I’ve been alternating between the iPad mini and Nexus 7 tablet for over a month now and a clear winner has emerged. But first, a note about these two devices as applied to schools. That was the original genesis of my interest in both. Unfortunately, neither device meets the minimum requirements for the Smarter Balanced Assessment Consortium (SBAC) testing. This takes both out of play for student use. Perhaps that might change in the future, but for now I don’t recommend purchasing large numbers of devices unless they can run the new state testing regime.
As for teacher use, I came across on interesting discovery while testing iPads as Document Cameras the other day. Running an iPad3 as a doc camera using the rear facing camera works great. The image is clear and can be zoomed in without loss of quality. A critical feature when wanting to display text to a room full of 2nd graders. However, when I switched to the iPad Mini I found that zooming in on text produced pixelated and blurry images. Doing some research (ok, I googled “iPad mini camera”) I discovered that the camera on the mini isn’t so great. Since replacing $500 doc cams with iPads is a big selling point for me at the moment, the weak camera performance rules out the mini for teachers. The Nexus 7 with it’s lack of a rear facing camera doesn’t qualify for use as a doc cam at all and it’s lack of AirPlay Mirroring further limits it’s effectiveness as a teacher presentation tool in my opinion.
So, bottom line, both the iPad mini and the nexus 7 aren’t a good fit for schools. But when it comes to personal use, it’s another story.
In my month of daily use, a clear winner has emerged for me personally. While the Nexus 7 is an excellent tablet and it’s the only android tablet I’m recommending to my budget conscious friends, my media lives in the apple echo system. As such, I’ve worked out a system for media access that works great for me. I use a product called Air Video Server to play all the DivX files I’ve accumulated over the years (you do remember DivX, don’t you? It was great for compressing all those DVDs). While I’m slowly converting to H.264, Air Video on the iPad Mini streams non-H.264 content to an iOS device like a champ. Paired with AirPlay Mirroring to the AppleTV on the big screen and I have a complete media streaming service that works across all of the iOS devices in the house. iPhones (3GS to 4S) and iPads (iPad2, iPad3 & iPad Mini). If only Apple would release Apps for AppleTV, I could cut out the middle man and stream direct from the Air Video Server to the AppleTV.
Now, before you lambast me with comments, yes, I am aware of alternative, non-apple solutions to my particular media problem. I’ve tried most of them at one point in time or another. XBMC, MythTV, Windows Media Center, Plex, etc… None has worked as seamlessly and effortlessly as Air Video Server. To the point that my Wife and my 7 year old can both now access our media library on their own iOS devices. Not that we spend every waking hour watching Thailand vacation videos or Notting Hill. But we could, if we wanted to. And quite easily too.
But I’d be pretty shallow if my main reason for liking a device was how easily it can access media from a home server. I also find the reading and web surfing experience on the mini more user friendly. The mini is more responsive than the nexus in everyday use. Despite the goodness of Project Butter, there are still times I find myself waiting for the Nexus to respond to a touch command. I’m also severely bugged by the “soft” home button. Maybe I’m so used to the iOS devices and their physical home button that I’m programed for that experience now but for whatever reason, it really annoys me. I find I actually like the mini’s wider screen for reading on the web, although I do end up holding it in landscape view more often then portrait because of the width. I hold the Nexus in portrait mode more often than not. Mainly because the primary app I use on it, Flipboard, doesn’t give me the option to go into landscape mode (UPDATE – the latest version of Flipboard on the Nexus 7 does provide for landscape view, however I’m finding the narrow screen doesn’t lend itself to this view as well as it does on the wider iPad mini). Strange as it seems, I miss the “freedom” of iOS when using the Nexus 7. Also, the mini feels ligher. That might change when I put a case on it though. I do like the rubber non-slip back of the Nexus 7. I’ve been running the mini naked but it really does need some protection if it’s going to survive long term.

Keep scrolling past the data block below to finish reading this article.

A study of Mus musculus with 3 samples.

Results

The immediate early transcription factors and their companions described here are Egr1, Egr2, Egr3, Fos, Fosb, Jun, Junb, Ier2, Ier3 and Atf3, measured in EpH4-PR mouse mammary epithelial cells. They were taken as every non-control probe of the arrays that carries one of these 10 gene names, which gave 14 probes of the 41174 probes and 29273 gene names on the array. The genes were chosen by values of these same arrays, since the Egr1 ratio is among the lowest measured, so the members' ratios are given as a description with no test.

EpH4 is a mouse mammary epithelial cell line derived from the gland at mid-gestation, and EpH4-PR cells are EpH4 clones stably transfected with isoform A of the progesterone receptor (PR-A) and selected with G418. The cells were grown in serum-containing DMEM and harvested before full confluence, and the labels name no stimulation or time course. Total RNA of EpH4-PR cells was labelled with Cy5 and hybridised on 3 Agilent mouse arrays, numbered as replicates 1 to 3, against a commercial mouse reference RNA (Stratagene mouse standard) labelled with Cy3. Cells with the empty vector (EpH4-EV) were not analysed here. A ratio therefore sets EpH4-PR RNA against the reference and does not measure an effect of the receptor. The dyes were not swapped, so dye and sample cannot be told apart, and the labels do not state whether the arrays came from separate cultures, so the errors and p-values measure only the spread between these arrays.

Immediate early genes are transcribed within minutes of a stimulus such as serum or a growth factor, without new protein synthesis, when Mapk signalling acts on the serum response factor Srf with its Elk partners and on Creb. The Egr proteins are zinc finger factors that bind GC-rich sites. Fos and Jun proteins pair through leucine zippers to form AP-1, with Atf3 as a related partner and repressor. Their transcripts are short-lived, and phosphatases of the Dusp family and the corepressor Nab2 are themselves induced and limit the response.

To sum up, I don’t see either device being the perfect 1:1 solution for schools. Sometimes price isn’t everything. If Apple revs the camera in the next version, then maybe the mini will be a good fit for teachers. I think they’d appreciate hefting the lighter weight around all day. As for the Nexus, without a rear facing camera and AirPlay support, I just don’t see it as a teacher tablet device. Even in a Google Apps environment, which I haven’t really talked about, neither device really makes sense for edTech (yet). For personal use, the iPad mini is the clear winner for me. It’s light, responsive (my previous experience with performance issues was probably related to trying to install a dozen apps right out of the box) and it works in my media environment. The killer app for me is AirPlay Mirroring. When Android might support AirPlay natively, I don’t know but I hope they look to do it at some point. Even Plex, the awesome media server app, is baking in AirPlay support. It really is stupid simply and very powerful.
Based on my environment, the iPad mini is the little tablet for me. Android just isn’t there for me yet (or maybe I’m so deep into iOS, I can’t see a way out). Wether or not I actually need a little tablet when I have an iPhone (two actually since my 3GS returned from the dead) and an iPad is a discussion for another day.